Despite all the reports of bankruptcies and losses, some companies are doing just fine on the Internet. But the list of companies that are “getting rich” may be surprising. Aside from the obvious handful of bellwether e-tailers, such as Amazon.com (Nasdaq: AMZN) and eBay (Nasdaq: EBAY), some seemingly unlikely candidates are raking in cash from online shoppers seeking hard-to-find items and deep discounts.
While analysts have been saying multichannel retailers are the companies most likely to succeed in the future, a growing number of pure-play dot-coms also are posting profits.
Among these e-tail moneymakers, business models vary widely, as does the merchandise mix. Perhaps the only overarching characteristic of all successful online retailers is profitability.
Move Over, Multichannel
Multichannel retailers are garnering lots of attention, and there is a growing perception among industry observers that companies that operate both brick-and-mortar and online branches are cashing in.
“It’s not fair to say that e-commerce is dead, but it’s very fair to say that multichannel retailing is clearly on the rise and dominating the success in that space,” Forrester Research analyst Jim Crawford told the E-Commerce Times.
But according to GartnerG2 analyst Geri Spieler, the numbers do not necessarily support that premise. Spieler told the E-Commerce Times that Internet margins are very thin — between 12 and 15 percent. “For most brick-and-mortar companies with a Web site, like Nordstrom’s, online sales are only 1 percent of the gross revenues,” she said. “So it’s not really a moneymaker.”
Some of the most successful online retailers have found a niche and served it well, according to analysts, with eBags.com, BlueNile.com and BlueFly.com standing out in a landscape littered with unprofitable players.
Ebags.com peddles 150 brands of bags and accessories and claims it has sold more than 1.4 million items since its May 1999 launch. The company recorded 43.7 percent sales growth in the first half of 2002 and turned the corner to profitability in the second quarter.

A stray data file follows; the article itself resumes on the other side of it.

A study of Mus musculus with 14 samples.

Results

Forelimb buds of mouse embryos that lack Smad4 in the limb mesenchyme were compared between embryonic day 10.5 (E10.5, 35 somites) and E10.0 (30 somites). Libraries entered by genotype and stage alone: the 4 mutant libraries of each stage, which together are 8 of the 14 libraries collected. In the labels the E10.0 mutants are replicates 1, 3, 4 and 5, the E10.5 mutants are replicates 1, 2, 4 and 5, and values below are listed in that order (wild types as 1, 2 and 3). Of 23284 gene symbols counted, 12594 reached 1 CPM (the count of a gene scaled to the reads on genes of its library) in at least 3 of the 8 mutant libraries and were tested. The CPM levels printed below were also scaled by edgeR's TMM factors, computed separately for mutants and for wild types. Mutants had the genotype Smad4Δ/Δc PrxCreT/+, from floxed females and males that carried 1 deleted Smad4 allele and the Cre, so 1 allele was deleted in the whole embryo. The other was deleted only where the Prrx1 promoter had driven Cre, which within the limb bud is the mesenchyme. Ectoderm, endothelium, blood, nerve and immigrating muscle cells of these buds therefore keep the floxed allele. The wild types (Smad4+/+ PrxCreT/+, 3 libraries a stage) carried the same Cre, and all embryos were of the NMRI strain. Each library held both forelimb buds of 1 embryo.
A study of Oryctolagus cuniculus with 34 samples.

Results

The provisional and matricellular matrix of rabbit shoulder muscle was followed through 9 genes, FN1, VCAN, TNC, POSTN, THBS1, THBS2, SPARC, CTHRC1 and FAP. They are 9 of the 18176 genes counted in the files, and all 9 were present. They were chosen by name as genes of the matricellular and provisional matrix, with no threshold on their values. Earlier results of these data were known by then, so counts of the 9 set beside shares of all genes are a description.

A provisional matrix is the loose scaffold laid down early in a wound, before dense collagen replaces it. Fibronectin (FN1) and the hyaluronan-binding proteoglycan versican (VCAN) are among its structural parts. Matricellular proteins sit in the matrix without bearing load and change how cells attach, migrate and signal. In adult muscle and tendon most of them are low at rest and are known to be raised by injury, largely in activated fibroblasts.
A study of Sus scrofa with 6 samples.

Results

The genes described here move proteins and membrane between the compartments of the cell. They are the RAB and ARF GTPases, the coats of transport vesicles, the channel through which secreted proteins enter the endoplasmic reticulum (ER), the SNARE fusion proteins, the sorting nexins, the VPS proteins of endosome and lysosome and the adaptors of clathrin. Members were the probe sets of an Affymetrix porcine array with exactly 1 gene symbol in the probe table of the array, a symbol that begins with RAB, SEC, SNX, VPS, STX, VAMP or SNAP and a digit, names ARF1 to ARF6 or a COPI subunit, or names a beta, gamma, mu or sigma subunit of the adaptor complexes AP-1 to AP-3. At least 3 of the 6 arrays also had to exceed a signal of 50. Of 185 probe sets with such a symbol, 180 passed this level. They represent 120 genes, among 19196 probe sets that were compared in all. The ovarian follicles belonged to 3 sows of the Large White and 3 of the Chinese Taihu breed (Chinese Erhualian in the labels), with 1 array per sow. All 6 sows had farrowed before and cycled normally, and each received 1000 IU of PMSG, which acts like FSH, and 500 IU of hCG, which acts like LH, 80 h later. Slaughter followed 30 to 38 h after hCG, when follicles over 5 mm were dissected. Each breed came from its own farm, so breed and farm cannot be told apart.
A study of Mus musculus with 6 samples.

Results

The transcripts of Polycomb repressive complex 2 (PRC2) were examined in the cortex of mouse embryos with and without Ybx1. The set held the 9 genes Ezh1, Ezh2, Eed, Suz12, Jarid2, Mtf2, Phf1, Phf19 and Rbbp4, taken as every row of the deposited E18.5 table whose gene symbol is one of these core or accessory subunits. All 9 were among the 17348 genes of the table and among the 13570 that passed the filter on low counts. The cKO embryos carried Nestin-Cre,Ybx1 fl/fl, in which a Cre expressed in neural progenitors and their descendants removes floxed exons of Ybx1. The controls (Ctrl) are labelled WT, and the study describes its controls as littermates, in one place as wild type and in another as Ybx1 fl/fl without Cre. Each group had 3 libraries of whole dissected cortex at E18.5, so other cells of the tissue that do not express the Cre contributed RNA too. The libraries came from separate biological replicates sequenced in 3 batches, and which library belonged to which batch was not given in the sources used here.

Jewelry e-tailers are also performing well. BlueNile.com, for example, generated US$15 million in revenue during the second quarter by selling diamonds and fine jewelry. That figure represents a 37 percent increase from the year-ago period.
“Traditionally, consumers have not had access to comprehensive jewelry product information,” said BlueNile.com CEO Mark Vadon. Vadon added that BlueNile offers consumers full disclosure in terms of product information and price, with a “build your own” feature that helps shoppers choose styles they like within their budget.
“You’ll continue to see niche players in e-commerce where the product category is difficult to serve through brick-and-mortar channels,” Forrester’s Crawford noted.
Discounts and Deals
Meanwhile, BlueFly.com peddled $2.4 million in discount designer clothing during the month of August alone, a 9 percent increase over the year-ago period.
“BlueFly has never been on the same scale as Gap or Eddie Bauer, but they are hanging in there by maintaining a fairly solid audience,” Nielsen//NetRatings analyst Dawn Brozek told the E-Commerce Times.
Analysts also pointed to reseller sites that offer deep discounts, such as SmartBargains.com and Overstock.com, as examples of successful sites that are turning a profit. And they are not just eking out a subsistence-level income. Overstock.com announced record sales of $1.35 million during the three-day weekend following Thanksgiving in 2001 and held an initial public offering in May 2002, offering 3 million shares of common stock at $13 per share.
While some sites are doing just fine, the reality is that about 93 percent of retail sales last year were transacted in brick-and-mortar stores, according to Crawford. This fact is what has lead analysts to view multichannel retailers as the most successful future players in the space. Nevertheless, there is obviously room for pure plays to not only make a profit, but also make millions.
“The online space is still maturing,” Brozek said. “The dot-com deaths are probably not over yet, but those companies that are achieving profitability in such turbulent economic times are well positioned for future success.”